Sunday, November 24, 2013

Takoyaki

Moving is tricky. 

First I lived in Pittsburgh for 18 years. My parents (both) and grandparents (all 4) were born and raised in the area and Mom and Pops still reside there. My remaining Grandma, Sally, moved to Indiana in her 80's and lives there still, at 95 years young! 

Somehow, I was bound and determined to leave at 18. Sure, college just 3 hours away (and still within the home state) isn't a HUGE deal. People do it all the time and come right back 4, or 5, years later. Not I - after my four years were up I moved to Hawaii! Crazy - yes. Far away - you bet. Awesome - of course.

Hold the phone here Ang, this is a blog about food. That it is, my friends! 

Food in Pennsylvania was all I knew for a very long time. Dad's cooking and Mom's baking. Pierogies, cannoli, sticky buns, and arguments over 'gob' vs 'whoopie pie'. French fries on sandwiches and salads and topped with gravy. Farmers markets put on by the Amish where things are home grown or freshly baked. Chinese food with fortune cookies and 'sushi' from plastic containers in Panda Express kiosks.

Moving to Hawaii was a real eye opener as far as cuisine goes, naturally. Sure there are plenty of coconuts and pineapples, but the real game changers for me were all of the Asian foods. First I developed a love for pho and Vietnamese food, later it was Chinese dim sum that I couldn't get enough of (no fortune cookies to be seen), and eventually I grew to love takoyaki from the giant Japanese department store. Once I knew we'd be leaving Hawaii I started to better photograph my favorites and I'm hoping to catch up on their corresponding stories now that we're off island. 

Takoyaki are savory little doughy dumplings made with pieces of octopus inside. They're topped with tons of sauce, lovely Japanese mayo, and dried fish flakes that wiggle from the heat of the fresh-from-the-cooktop takoyaki.

Here you can see how they begin, with the batter poured on the cooktop at the bottom of the photo. After being solidified and pushed together into individual portions over the little wells, they're flipped over using the special tool and become a complete ball of goodness as seen in the top of the photo.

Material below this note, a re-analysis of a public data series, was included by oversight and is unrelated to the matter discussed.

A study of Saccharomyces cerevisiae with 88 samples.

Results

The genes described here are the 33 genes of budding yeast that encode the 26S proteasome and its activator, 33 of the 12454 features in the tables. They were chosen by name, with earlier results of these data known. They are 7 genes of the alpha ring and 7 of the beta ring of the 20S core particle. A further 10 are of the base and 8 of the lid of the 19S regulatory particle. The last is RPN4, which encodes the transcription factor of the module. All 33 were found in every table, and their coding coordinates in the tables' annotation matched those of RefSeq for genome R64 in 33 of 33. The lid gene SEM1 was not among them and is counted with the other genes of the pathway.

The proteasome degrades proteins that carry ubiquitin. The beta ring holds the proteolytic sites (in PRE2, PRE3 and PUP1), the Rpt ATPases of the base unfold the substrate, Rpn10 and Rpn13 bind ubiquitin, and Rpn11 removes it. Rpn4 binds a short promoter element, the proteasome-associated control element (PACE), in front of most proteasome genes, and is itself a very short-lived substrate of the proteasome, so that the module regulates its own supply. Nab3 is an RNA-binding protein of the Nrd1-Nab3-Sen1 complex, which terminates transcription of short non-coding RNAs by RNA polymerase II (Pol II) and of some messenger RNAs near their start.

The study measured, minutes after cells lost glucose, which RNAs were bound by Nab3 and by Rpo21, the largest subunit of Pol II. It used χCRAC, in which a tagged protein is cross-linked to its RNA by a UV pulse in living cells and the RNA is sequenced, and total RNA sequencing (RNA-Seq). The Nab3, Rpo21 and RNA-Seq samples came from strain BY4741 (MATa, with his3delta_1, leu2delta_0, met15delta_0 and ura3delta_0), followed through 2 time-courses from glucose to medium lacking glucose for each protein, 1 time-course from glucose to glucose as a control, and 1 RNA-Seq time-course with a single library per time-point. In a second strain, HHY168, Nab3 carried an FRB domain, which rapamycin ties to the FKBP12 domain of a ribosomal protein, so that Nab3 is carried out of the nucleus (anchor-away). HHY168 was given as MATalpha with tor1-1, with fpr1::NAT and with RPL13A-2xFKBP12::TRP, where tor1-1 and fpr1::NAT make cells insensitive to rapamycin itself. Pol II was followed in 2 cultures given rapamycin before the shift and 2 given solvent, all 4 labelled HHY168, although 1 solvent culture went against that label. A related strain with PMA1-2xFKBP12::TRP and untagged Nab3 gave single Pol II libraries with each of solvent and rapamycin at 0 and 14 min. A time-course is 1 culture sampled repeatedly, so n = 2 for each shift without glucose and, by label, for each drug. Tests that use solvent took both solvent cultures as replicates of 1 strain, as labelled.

Imagine me while taking these snapshots - the sole-white-lady taking photos of the Japanese food! That's a stark contrast to the standard Japanese tourists taking selfies with forks and knives in Waikiki restaurants. Do I get a prize?


Clearly the description of takoyaki and the cooking process are my own, creative words. Check out this video that they play at my Honolulu takoyaki spot.

video

Of course you can buy your own takoyaki making accessories on Amazon.

Now this was the only place I'd ever had takoyaki and this was always the presentation: piping hot balls of goodness doused/swimming in sauces, topped with goodies, inside a paper vessel, inside a plastic clamshell.




It's no joke how hot they are, one must wait at least 10 minutes before indulging. That gives you plenty of time to take photos and watch the magic of squirming fish flakes! I've enjoyed a ritual of sneaking takoyaki more in the past year than ever, most times alone during an impromptu trip to the mall! 


Now we're getting acclimated to our new home of Seattle. We know we can expect lots of new things and foods, although we're unsure of what will we find.

It is with great pleasure that I can report that takoyaki is alive and well here in Seattle. Although it seems big and scary, the Disneyland ride is correct, it's a small world after all. Today we met up with an old friend of mine who also lives in the area. Michelle and I met when we were 14, just before our freshman year of high school! Her birthday was last week and she chose the restaurant for today's lunch - Japonessa in downtown Seattle. Is was there where we enjoyed takoyaki.


It was food for my soul! The taste,  texture, and extreme temperature were right on. The presentation was 100% better and the fish flakes were smaller and more magical!

Which Pittsburgh/East Coast offerings have made it to Seattle? Which of my "new" favorite foods, discovered in Hawaii are here? I'll keep you updated, surely.